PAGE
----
The charts below allow for comparisons to be made between district scores and the scores for the nation and large cities nationally.
- Click on any "sort" button to rank districts numerically by the data in that column.
- Click on a jurisdiction to see how other jurisdictions compare in terms of statistical significance.
See district results for grade 4 for a more detailed report with average scores, achievement levels, and percentile results for the nation, large cities, and districts.
When comparing overall student performance, 8 districts had higher scores than large cities nationally, while 10 had lower scores.
Average scale scores for all students in fourth-grade NAEP mathematics, by jurisdiction: 2011
> Score was higher or gap was wider than selected jurisdiction
< Score was lower or gap was narrower than selected jurisdiction
X Not significantly different from selected jurisdiction
The order of jurisdictions is based solely on unrounded values (up to eight decimal places) rather than the rounded values reported in the table, and does not take into consideration whether the scores between two or more districts are significantly different from one another. Information on whether there is a significant difference between jurisdictions is located in the column “Cross-jurisdiction significant difference.”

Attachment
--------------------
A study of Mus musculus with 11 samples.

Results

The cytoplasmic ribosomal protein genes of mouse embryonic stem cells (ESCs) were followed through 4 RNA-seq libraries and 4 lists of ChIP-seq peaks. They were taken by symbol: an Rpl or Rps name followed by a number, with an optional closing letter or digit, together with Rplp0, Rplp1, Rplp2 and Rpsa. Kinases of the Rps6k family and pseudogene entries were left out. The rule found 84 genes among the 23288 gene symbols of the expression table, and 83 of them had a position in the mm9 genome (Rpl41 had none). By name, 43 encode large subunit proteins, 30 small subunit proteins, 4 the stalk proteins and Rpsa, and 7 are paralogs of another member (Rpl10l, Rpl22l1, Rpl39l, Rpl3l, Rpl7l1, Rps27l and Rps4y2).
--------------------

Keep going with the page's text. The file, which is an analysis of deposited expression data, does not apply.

A negative number in the average score gap column indicates that the latter group in the comparison is higher than the group that it is compared to.
When scores for a single student group (e.g., all students) are compared, the significant differences are displayed using adjustments for multiple comparisons. When gaps are compared, the significant differences displayed are based on single pairwise tests of statistical significance.
For complete data, visit the NAEP Data Explorer. See scale score results for all students, by race/ethnicity, and family income.
When comparing the results for urban districts to results for the nation and large cities, it is important to consider how the demographics of the jurisdictions are different. For example, large cities and participating urban districts differ from the nation in the proportion of students eligible for the National School Lunch Program (an indicator of lower family income). While the percentages of lower-income students eligible for free/reduced-price school lunch in the nation in 2011 were 52 percent at grade 4 and 48 percent at grade 8, the percentages of lower-income students in the districts ranged from 52 to 100 percent.